No. 31 NAI DE 2/245
Washington, 6 March 1920 (received 26 March 1920)
The public misrepresentation here has ceased, but there is a good deal of private undermining going on that cannot be stopped, but it may be rendered comparatively innocuous. The people have given the Judge1 pretty clearly to understand that they do not approve of his attitude. You will find herewith a leader in the Hearst 'Journal', and also copies of letters exchanged between the Judge and myself privately. His letter I have annotated.
Dr. McCartan might be considered by you as a Delegate from our Government to Russia to ask for official recognition from the Soviet Government. I hope to get in a day or two a letter of introduction for him from Mr. Martens. I think he should be accompanied by at least two others - one representative of organised labour, for example, [Cathal O'] Shannon, [Thomas] Johnson, or O'Brien, and one representative of industry and trade. You ought to consider what is the best way to reach Russia. It may be thought advisable for the Delegates to start from here. Trade may be re-opened with the Soviets, in which case it will not be difficult, but now seems the most opportune time for the application for recognition.
I am trying also to get invitations for Irish Labour representatives to the Montreal Conference of the American Federation of Labour next June. One or two men directly from the Labour Party, and from Ireland, could do a great deal of work there.
We will soon be in the midst of the political struggle here. It seems to me there is only one hope, and that is to get both sides pledged to the principle of recognition of the Republic. In fact it is my belief that every nerve should be strained now to get resolutions urging recognition passed through Congress here. Of course all, except our ardent friends in Congress, will try to block all such attempts. They prefer not to be put on record either for or against. It is our business to try to get it put up to them.
The Mason Bill has no chance of passing, for difficulties will be raised on purely technical grounds. A similar Bill by Clay was held up for five or six years. In order to avoid the technical2 difficulties I suggested the enclosed. It is not of course quite as good as the Bill would be, but as there was no hope whatever that the Bill would pass, and as time is pressing all our friends here, even the Judge, consider this move wise.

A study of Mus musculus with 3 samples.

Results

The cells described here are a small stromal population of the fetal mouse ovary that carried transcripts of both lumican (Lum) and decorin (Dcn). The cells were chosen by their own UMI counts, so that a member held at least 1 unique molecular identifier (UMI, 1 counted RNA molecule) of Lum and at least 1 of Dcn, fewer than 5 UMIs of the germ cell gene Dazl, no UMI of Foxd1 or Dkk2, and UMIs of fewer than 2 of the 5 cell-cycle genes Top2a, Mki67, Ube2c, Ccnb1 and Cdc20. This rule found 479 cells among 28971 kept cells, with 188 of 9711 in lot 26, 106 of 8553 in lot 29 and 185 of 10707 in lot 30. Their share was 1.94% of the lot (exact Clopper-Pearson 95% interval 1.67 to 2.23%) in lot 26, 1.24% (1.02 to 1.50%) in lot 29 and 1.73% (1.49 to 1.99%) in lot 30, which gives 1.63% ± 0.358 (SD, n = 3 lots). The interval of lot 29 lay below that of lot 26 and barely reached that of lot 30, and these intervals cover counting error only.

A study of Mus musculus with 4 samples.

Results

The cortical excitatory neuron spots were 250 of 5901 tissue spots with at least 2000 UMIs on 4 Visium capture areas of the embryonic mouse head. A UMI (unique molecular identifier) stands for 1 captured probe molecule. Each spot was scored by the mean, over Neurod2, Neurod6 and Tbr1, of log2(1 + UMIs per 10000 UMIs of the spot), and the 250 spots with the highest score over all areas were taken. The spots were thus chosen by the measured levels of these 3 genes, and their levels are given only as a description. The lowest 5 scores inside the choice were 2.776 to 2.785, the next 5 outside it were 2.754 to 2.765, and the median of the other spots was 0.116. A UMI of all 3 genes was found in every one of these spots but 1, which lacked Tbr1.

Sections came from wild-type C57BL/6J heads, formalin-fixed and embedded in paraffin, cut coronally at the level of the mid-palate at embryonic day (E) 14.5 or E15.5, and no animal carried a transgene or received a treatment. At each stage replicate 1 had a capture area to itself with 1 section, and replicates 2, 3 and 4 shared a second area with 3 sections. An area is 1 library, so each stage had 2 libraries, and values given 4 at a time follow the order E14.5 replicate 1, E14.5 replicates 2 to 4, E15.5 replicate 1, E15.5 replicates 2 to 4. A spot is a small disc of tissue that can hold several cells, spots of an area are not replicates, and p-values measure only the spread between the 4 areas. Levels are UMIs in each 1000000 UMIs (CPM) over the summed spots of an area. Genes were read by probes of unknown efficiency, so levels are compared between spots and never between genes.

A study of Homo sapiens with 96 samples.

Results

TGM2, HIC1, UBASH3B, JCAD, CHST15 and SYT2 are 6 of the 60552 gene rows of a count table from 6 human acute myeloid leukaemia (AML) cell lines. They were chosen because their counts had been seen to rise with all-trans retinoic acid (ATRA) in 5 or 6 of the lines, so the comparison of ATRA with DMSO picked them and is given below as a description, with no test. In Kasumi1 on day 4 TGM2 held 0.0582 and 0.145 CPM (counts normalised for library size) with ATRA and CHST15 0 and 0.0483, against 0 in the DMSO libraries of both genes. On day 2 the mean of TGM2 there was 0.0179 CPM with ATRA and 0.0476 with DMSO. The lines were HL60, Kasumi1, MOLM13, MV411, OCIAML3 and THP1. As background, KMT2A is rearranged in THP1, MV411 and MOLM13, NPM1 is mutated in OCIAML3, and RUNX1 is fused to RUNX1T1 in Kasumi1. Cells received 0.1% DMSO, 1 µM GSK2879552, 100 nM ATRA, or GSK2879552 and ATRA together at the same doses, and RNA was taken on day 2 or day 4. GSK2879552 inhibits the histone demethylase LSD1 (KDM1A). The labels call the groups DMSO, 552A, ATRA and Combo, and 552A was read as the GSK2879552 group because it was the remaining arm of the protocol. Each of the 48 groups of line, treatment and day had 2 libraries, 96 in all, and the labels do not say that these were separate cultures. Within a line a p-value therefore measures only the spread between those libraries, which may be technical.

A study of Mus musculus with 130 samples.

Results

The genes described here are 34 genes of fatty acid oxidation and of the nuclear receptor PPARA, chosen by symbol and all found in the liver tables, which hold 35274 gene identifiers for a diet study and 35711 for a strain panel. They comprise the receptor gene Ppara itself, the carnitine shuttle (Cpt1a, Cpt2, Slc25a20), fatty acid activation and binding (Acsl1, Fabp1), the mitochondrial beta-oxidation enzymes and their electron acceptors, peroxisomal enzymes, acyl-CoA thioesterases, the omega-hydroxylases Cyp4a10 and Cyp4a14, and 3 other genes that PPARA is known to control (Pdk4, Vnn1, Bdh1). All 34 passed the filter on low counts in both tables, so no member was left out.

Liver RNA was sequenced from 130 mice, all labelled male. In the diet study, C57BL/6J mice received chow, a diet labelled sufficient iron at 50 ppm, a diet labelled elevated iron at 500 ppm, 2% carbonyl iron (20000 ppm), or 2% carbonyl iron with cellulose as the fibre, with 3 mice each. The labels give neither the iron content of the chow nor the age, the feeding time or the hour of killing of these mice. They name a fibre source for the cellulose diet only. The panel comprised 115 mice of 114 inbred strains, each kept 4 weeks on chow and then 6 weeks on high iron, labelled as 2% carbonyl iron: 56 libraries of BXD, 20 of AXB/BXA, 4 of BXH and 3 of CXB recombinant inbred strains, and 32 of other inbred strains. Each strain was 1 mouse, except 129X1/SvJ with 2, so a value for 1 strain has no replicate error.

The subscriptions to the Bonds are proceeding fairly satisfactorily. As regards the shipping, Fawsitt has a proposal from Moore and McCormack, which would give the Irish Government a one-half interest in four ships for trade between Ireland and the Continent - ships which would not otherwise be put on these routes.
I am asking him to make out a complete memo for you, and when you receive it we would like you to take action on it at once.
The frequent successful raids - particularly the seizing of French's3 mail, created a good impression here.
I am once again breaking my resolution not to write much to you, seeing what capture of a dispatch might mean. From the American papers you will gather what our activities are.
We hope to start on a tour of the Southern States, accompanied by Dr. Irwin, the second week of April. We hope to have something accomplished here in the Capitol by that date.
Eamon de Valera
P.S. Try to get the young fellow for me as soon as possible. He must be trustworthy personally and efficient as a stenographer and typist. None but first class any use to me. With a good man I could double the work I am able to do. Sean [Nunan] is permanently tied up and Harry [Boland] has to be away very often.
Harry may be able to get the Fawsitt memo to send with this. I will not be able to see it, but I know there are arguments for and against it. If the Cabinet can consistently act as he suggests it would mean a great deal. If I had to decide it personally I would say yes. I fear the Cabinet will not take this view.
The Royal Irish Academy's Documents on Irish Foreign Policy series has published an eBook of confidential correspondence on the 1921 Anglo-Irish Treaty negotiations.
The international network of Editors of Diplomatic Documents was founded in 1988. Delegations from different parts of the world met for the first time in London in 1989.